Great leaders know they have to run into the fire
What are you avoiding that needs to be dealt with now?
(Editor's note: The following is an excerpt from Todd’s book, “Never Kick A Cow Chip On A Hot Day—Real Lessons For Real CEOs And Those Who Want To Be” from Morgan James Publishing. Now available for Kindle on Amazon!)
Mantra # 7: Only You Can Prevent Forest Fires
It is dangerous for a leader to become a full-time firefighter. Perhaps you saw the movie Backdraft, where Robert De Niro plays an arson investigator? De Niro’s character discovers that the mystery antagonist and arsonist is actually a fireman. In the real world, this is perhaps a rarity. But in business, some leaders love to start fires because the adrenaline rush of coming to the rescue is addictive.
Dwight Eisenhower said, “In preparing for battle I have always found that plans are useless, but planning is indispensable.” You clearly can’t plan for every contingency in a fast-paced business, but if your vision and strategy are clear, you can avoid many of the fires. And when the unavoidable occurs, you are ready to take action without hesitation. In the immortal words of Smokey the Bear, “Only you can prevent forest fires.”
While you should avoid becoming a full-time firefighter, as a leader, you cannot run from fires. In fact, you have to be ready to run right into them. You must have courage.
My youngest son was a Marine and served in Iraq. He happened to be in Fallujah and saw some awful things. He also had many great experiences and was proud to serve our country. He told me that as he was leaving his outpost to return to the United States, an elder in the local community said to him, “We run from trouble, but you crazy Marines, you run right into it!”
“What makes a king out of a slave? Courage! What makes the flag on the mast to wave? Courage! What makes the elephant charge his tusk in the misty mist or the dusky dusk? What makes the muskrat guard his musk? Courage! What makes the sphinx the seventh wonder? Courage! What makes the dawn come up like thunder? Courage! What makes the Hottentot so hot? Courage! What have they got that I ain’t got? Courage!”
—The Cowardly Lion in The Wizard of Oz
Courage might be defined as acting in the face of danger without fear, or perhaps it’s ignoring your fear to do what’s necessary and get the job done. Although having courage alone isn’t sufficient to succeed as a leader, it certainly gets you into the conversation.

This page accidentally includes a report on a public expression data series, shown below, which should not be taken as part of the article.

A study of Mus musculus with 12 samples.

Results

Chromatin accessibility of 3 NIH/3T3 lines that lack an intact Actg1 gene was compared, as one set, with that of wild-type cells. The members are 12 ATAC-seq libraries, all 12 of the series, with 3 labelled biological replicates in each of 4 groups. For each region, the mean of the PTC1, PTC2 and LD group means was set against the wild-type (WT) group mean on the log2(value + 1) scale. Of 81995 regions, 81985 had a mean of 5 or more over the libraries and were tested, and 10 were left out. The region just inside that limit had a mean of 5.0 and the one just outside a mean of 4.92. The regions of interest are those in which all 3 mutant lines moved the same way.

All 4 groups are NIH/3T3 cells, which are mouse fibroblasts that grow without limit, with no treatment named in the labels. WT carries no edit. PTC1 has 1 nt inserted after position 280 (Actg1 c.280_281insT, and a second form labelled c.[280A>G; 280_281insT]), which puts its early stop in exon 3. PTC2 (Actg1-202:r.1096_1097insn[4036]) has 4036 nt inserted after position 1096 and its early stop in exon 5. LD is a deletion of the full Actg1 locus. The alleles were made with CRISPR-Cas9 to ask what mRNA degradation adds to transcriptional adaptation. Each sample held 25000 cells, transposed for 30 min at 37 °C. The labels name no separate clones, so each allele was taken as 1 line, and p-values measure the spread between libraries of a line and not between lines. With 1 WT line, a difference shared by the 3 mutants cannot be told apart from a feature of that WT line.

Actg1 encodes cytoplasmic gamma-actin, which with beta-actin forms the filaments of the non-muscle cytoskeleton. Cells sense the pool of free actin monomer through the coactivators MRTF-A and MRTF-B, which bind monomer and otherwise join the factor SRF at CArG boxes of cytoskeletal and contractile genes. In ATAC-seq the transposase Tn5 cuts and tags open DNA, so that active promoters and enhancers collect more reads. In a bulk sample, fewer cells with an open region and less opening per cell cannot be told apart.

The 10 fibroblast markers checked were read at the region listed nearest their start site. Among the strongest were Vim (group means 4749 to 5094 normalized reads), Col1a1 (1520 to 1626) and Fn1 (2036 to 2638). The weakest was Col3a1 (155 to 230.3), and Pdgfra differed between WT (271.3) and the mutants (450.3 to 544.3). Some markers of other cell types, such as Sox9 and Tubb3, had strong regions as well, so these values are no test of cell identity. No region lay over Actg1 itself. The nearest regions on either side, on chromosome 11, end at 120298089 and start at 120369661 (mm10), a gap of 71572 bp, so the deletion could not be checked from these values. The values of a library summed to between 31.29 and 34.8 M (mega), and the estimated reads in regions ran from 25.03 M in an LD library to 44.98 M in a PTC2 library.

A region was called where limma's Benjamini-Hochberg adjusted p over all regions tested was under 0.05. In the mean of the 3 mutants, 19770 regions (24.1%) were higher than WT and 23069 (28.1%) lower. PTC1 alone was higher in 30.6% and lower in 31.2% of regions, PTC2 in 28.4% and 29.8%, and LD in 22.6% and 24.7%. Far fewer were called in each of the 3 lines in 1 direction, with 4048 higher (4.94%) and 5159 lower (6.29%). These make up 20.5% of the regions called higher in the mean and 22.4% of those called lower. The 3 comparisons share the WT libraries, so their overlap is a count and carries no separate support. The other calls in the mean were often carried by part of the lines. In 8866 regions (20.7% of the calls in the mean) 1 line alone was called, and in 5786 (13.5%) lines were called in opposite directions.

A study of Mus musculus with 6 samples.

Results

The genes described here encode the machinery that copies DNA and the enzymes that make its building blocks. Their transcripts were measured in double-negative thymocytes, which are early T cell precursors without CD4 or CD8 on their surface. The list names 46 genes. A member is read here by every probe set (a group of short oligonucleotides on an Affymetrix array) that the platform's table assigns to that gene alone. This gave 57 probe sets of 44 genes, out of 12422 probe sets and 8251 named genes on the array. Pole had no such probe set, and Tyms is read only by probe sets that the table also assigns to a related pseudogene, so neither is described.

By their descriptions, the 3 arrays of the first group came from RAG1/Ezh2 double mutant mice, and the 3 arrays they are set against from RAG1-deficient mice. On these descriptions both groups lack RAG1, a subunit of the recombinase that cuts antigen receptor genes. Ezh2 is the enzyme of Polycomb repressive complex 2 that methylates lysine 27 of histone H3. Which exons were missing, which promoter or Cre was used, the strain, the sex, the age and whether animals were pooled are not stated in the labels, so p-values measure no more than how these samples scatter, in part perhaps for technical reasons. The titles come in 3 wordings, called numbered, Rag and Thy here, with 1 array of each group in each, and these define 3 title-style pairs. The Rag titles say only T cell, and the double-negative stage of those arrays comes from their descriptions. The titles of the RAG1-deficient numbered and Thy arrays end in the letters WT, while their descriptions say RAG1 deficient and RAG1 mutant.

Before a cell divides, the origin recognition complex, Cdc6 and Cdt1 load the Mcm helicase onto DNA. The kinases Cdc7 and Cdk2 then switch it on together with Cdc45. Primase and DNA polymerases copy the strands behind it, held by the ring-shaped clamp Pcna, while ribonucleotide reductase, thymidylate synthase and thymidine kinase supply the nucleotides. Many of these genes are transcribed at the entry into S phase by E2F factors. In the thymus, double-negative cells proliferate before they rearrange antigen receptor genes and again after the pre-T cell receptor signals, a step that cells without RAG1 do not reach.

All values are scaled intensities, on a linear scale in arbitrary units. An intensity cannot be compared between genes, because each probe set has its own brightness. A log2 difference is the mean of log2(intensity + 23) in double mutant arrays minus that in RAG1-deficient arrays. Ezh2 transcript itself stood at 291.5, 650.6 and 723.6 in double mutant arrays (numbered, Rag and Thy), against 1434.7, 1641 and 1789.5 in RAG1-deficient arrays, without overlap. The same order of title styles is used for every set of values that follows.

Netflix CEO Reed Hastings made the extremely unpopular decision to radically change his business model several years ago at the risk of upsetting many customers. His courageous decision paid off. Likewise, Steve Jobs famously and courageously scrapped many products to focus on a few great ones when he returned to save Apple after it fell into disrepute. He knew that if the company was going to be successful, he needed to focus his resources rather than have a basket full of mediocre products.
On the other hand, weak leaders don’t have the chutzpah, passion or confidence to take courageous action. They continue to eat lavish dinners in the captain’s quarters as the ship takes on water. Sunny skies and calm seas? They look great in their dressed up uniform with their hand on the wheel. But when storms break out, their true mettle is tested.
Deciding which color to paint the conference room doesn’t require courage. Giving rah-rah speeches about needing customer service, innovation or ethical behavior doesn’t warrant much courage. Flying around in the company jet to slap backs or attend golf tournaments doesn’t demand courage. As Epicurus said, “You don’t develop courage by being happy in your relationships every day. You develop it by surviving difficult times and challenging adversity.”
Hiring a senior person who’ll stir things up requires courage. Making a strategic choice to abandon large markets or customer groups necessitates courage. Firing loved team members who don’t have what you need to get to the next level demands courage. Looking at the future and deciding that your business model needs dramatic change requires courage. Risking your job and your position to make a change you believe in takes a lot of courage. Great leaders maintain that courage, along with the seven mantras mentioned above. These pillars help to shape great leaders and maintain crystal-clear focus in otherwise muddied waters.
Real lesson: Real leaders do not run from trouble, nor do they become full-time firefighters. They are courageous and know that they must occasionally fail in order to achieve the greatest amount of success. What are you avoiding right now that needs to be dealt with?